Ethics complaint rejected; councilman recuses himself

LIHU‘E — The county Board of Ethics has dismissed a complaint filed against a Kaua‘i County Council member concerning a possible conflict of interest.

Councilman KipuKai Kuali‘i in May denied allegations that he violated an ethics provision in the County Charter by participating in a discussion involving funding for the Office of the Prosecuting Attorney on April 19.

OPA distributes federal monies — in the form of Victim of Crime Act assistance grants — to the YWCA, where Kuali‘i serves as the director of operations.

OPA and YWCA officials have seconded Kuali‘i’s assertion that there was no conflict of interest.

To facilitate the discussion, The Garden Island filed a complaint with the Board of Ethics over Kuali‘i’s participation in the budget discussion. That complaint was heard July 8.

In a July 12 letter, Ethics Board Chair Paul Weil said the board reviewed the information contained in the complaint. Not finding “any basis for further action,” the board “formally rejected” the complaint.

In a July 5 memo from Kuali‘i to Council Chair Jay Furfaro — a communication set to be heard by the full council at its meeting today — Kuali‘i says he has a possible conflict of interest concerning two agenda items:

• Communication 2011-204 in part requests council approval to apply for, receive and expend federal funds from the Crime Victim Assistance Grant for the Kaua‘i Victim of Crime Act Expansion Program.

• Communication 2011-205 in part requests council approval to apply for, receive and expend state funds from the Victim Witness Assistance Program Grant for the continuation of the Kaua‘i Victim Witness Program.

“I am recusing myself from deliberations on C 2011-204 and C 2011-205 due to my employment with the YWCA,” Kuali‘i said in the memo. “The YWCA is a participating agency of the Office of the Prosecuting Attorney’s Kaua‘i VOCA Expansion Program and Victim Witness Assistance Program.”

The councilman cites Charter Section 20.04B as the reason to provide “written disclosure on the record of a possible conflict of interest” on the two communications.

When asked in May about the possible conflict of interest concerning his participation in the discussion involving OPA funding, Kuali‘i called into question the applicability of this particular charter provision.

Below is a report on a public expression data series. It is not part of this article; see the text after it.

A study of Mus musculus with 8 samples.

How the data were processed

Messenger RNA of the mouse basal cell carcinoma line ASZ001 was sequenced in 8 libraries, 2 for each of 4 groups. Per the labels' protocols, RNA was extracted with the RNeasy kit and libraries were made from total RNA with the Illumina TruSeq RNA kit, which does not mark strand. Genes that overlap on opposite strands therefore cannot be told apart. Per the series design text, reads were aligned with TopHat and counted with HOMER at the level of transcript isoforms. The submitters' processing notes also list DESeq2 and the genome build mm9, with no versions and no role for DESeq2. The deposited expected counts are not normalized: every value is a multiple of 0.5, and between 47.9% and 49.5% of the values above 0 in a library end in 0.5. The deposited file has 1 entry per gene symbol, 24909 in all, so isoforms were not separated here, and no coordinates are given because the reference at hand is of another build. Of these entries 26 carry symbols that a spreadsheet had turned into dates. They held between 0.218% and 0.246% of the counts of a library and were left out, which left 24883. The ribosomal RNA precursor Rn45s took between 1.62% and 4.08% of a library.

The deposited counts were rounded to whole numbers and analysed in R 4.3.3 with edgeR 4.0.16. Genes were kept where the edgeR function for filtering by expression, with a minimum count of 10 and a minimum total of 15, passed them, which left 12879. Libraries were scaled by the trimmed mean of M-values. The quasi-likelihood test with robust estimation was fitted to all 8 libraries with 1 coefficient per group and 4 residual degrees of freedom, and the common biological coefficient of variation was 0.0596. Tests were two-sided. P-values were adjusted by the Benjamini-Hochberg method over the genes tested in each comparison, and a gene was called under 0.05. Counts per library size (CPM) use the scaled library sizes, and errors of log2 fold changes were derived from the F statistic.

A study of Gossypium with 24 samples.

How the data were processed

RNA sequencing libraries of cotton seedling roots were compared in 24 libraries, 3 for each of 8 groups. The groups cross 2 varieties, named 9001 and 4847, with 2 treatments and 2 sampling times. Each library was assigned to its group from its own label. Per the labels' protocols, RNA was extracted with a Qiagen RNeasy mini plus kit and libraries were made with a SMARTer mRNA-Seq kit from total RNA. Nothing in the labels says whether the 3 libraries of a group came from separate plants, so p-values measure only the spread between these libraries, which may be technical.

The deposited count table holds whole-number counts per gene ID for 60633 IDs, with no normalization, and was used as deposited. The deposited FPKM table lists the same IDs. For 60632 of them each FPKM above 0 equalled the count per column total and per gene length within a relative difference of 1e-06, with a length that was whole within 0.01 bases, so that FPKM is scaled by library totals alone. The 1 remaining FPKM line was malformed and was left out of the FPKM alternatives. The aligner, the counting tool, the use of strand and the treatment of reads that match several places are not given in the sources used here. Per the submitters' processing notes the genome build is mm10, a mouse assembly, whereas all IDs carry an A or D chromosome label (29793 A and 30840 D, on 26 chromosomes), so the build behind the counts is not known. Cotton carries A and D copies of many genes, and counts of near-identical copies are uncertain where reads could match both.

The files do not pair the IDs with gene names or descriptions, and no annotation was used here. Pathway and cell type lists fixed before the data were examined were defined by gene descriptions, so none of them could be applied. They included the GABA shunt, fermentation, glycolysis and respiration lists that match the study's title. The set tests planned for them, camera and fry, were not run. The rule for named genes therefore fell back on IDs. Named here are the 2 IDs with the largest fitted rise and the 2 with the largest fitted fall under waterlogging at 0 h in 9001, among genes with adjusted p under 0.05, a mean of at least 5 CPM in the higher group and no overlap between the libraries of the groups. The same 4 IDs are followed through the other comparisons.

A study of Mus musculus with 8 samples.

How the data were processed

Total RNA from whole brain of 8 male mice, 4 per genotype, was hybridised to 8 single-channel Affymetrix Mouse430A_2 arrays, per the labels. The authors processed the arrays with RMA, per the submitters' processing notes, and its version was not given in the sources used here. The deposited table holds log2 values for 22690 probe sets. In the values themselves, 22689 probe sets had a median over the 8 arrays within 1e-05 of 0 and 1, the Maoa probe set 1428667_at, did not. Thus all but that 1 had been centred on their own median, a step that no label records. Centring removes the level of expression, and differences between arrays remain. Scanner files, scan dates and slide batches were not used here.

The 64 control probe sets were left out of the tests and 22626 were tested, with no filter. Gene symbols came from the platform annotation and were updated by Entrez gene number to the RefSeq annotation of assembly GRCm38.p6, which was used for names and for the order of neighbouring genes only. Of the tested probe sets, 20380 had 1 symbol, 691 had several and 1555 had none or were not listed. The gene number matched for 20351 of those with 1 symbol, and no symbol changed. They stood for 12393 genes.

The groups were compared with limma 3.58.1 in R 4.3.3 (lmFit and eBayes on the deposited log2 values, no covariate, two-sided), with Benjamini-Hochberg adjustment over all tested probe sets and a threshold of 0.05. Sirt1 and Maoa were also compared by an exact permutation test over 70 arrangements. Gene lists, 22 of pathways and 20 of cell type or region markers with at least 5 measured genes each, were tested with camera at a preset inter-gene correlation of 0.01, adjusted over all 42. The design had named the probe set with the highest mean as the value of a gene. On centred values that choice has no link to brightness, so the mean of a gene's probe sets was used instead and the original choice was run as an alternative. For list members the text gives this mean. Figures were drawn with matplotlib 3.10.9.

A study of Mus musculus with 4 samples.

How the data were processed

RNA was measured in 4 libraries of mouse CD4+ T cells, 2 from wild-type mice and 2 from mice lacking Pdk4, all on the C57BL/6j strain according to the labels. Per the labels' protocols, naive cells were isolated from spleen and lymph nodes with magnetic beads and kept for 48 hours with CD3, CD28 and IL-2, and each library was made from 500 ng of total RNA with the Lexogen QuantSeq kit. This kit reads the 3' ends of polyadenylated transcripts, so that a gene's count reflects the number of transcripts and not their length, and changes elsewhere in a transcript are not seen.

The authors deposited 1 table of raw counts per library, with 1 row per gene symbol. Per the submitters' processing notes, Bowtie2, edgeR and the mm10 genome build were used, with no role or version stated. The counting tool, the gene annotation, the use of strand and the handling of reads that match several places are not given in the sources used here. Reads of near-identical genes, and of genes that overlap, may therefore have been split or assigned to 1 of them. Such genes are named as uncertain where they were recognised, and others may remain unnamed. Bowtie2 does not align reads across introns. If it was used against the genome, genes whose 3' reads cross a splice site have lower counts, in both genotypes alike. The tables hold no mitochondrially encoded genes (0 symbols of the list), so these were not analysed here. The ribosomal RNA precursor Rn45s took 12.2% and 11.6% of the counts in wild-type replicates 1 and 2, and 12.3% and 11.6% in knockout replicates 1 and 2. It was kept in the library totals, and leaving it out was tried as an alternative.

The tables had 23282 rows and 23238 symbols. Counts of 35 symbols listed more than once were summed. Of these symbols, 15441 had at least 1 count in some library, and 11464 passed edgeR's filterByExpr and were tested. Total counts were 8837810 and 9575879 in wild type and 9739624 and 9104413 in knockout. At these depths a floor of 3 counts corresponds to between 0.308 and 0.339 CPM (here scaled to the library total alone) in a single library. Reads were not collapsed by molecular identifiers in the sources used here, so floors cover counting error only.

Charter Section 20.04B states that any elected official, appointed officer, employee, or any member of a board or commission who possesses or acquires such interest as might reasonably tend to create a conflict with his duties or authority, or who is an owner, officer, executive director or director of an organization in any matter pending before him shall make full disclosure of the conflict of interest and shall not participate in said matter.

“They mean the board of directors — the people who make the big decisions about the direction of the agency or the organization,” Kuali‘i said in May. “I’m not the executive director … I’m not on the board. I don’t make any decisions of policy or the overall agency decisions as far as where we go to solicit funding.”

Kuali‘i said at the time that he does not believe he committed an ethics violation by participating in OPA’s budget review session or any other part of the budget talks. He noted that he recused himself from budget deliberations on the YWCA Family Violence Shelter and the YWCA Sexual Assault Treatment Program line items, due to his employment.

He did not return a message left Wednesday evening seeking comment.

Other board business

In other Board of Ethics business discussed at its monthly meeting, the board unanimously approved its examination of the Kaua‘i County Council’s confirmation of Julie Simonton as the Engineer appointee to the Board of Appeals.

The review is standard procedure under the Kaua‘i County Charter, which requires that all members of boards and commissions file a Disclosure Statement with the Board of Ethics within 30 days of assuming office for their review.

In other business, the board in an executive session asked questions of Patrick Meyer and his spouse, Diane Leiding, island residents and owners of the Dilly Dally House, a B&B in Kapa‘a. The couple alleges that a county employee is misusing public resources and access in attempting to influence the outcome of a pending licensing of their transient vacation rental.

The couple filed the complaint in April, and allege that the employee is approaching guests of their B&B and that they have nothing to do with the licensing issue.

This complaint, discussed in executive session, is under investigation by the Board of Ethics. Further information from the board will be unavailable until the issue is resolved.

The board’s next meeting will be at 9 a.m. Aug. 12 in Liquor Conference Room 3 of the Mo‘ikeha Building.

Persons wanting to submit comments or make an official complaint can contact the Board of Ethics through Barbara Davis, Office of Boards & Commissions, 241-4919, or

Visit to view today’s council meeting.

• Tom LaVenture, staff writer, contributed reporting for this article.